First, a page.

Disturbed seemingly came out of nowhere in 2000, but the band didn't only look to hard rock and metal legends of the past, they also took inspiration from modern bands like Korn, Deftones, and Type-O Negative.
Speaking during a recent Q&A on Offstage With DWP, Draiman was asked about Disturbed's influences and if the band was formed out of a combination of early metal, new wave and grunge. Draiman made sure to give credit to some contemporaries.
“Very much so. And I actually have to lump in, the part that a lot of Wikipedia things, things of that nature, what they often get wrong is like, they don’t take enough some of the more modern aspects and influences.
They’ll go ahead and state all the classics – and it’s interesting to be calling grunge artists ‘classics’ at this point, but you know, I guess even we’re considered ‘heritage’ artists in a way, but you know, it really all depends on how you feel about it.
I personally, and I know Danny [Donegan, guitar] as well, gained a lot of inspiration from bands like Korn, Tool, Deftones, even Type O Negative.
You definitely had all the core basics, you know, the Sabbaths, the Maidens, the Priests, starting with KISS, but I would daresay that Disturbed would not have become Disturbed without the new wave of heavy metal that came to fruition about ’97, ’98 and really was at its apex at about 2003-2004 – what a lot of people call ‘nü-metal.’
Whether you fit into it stylistically or not, it was this huge thing, and when I was exposed to that first Korn record [1994’s self-titled], that first Deftones record [1995’s ‘Adrenaline], the way that Jonathan [Davis] and Chino [Moreno] incorporated rhythm into the melody was me going to the school.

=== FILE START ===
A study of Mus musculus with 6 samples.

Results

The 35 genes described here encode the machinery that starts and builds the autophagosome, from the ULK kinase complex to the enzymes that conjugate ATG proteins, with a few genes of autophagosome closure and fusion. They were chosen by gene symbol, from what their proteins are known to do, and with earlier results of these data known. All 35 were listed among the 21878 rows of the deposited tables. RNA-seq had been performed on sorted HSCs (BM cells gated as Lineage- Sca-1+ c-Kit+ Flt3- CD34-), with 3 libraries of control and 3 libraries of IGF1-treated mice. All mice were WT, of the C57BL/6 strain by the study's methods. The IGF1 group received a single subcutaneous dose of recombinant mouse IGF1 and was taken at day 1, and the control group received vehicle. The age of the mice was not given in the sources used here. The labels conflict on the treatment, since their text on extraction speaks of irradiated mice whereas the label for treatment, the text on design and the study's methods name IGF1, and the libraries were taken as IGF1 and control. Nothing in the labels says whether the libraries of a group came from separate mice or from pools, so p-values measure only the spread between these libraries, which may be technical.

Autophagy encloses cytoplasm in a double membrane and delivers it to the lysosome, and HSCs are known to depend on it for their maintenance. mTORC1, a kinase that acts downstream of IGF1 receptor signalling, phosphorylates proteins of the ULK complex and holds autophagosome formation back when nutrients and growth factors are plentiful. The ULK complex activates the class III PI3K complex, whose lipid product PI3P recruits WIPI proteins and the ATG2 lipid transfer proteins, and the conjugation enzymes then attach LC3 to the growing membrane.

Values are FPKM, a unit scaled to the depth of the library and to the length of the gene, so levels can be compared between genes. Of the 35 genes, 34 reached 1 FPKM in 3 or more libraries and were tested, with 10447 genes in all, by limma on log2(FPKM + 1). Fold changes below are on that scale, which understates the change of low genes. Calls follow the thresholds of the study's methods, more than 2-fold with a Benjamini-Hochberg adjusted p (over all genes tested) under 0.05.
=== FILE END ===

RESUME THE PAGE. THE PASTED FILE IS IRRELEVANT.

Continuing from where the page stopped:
I learned so much from those guys. Even let’s say Anthony [Kiedis] from the Chili Peppers would utilize his vocals rhythmically – that fusion of rhythmic melody with that heaviness is what made us ‘us.’
One of the great things about Zack [de la Rocha, Rage Against The Machine singer] is the tone – he’s got that instantly wonderfully abrasive tone. He doesn’t even have to try, it just comes out that way.”
“…The nü metal thing I never got because we never rap, we’ve never had a turntable. All of the elements that are parts of being a nü metal band were never part of what we did. But we came up at the same time as those guys were enjoying a tremendous amount of success so we got slapped with that label.
If we had come up during the time [Iron] Maiden and [Judas] Priest were dominating things in the mid-‘80s, I don’t think there would be any question how we would be identified. At this point, I don’t know that the label is all that important, but I know that there are plenty of bands––whether they’re rock, hard rock or metal––that explore new territory.
This was a change of direction that felt so gratifying. We went with it and ended up producing material that is, in our opinion, some of the best stuff we’ve ever written. That’s all you can try to do.”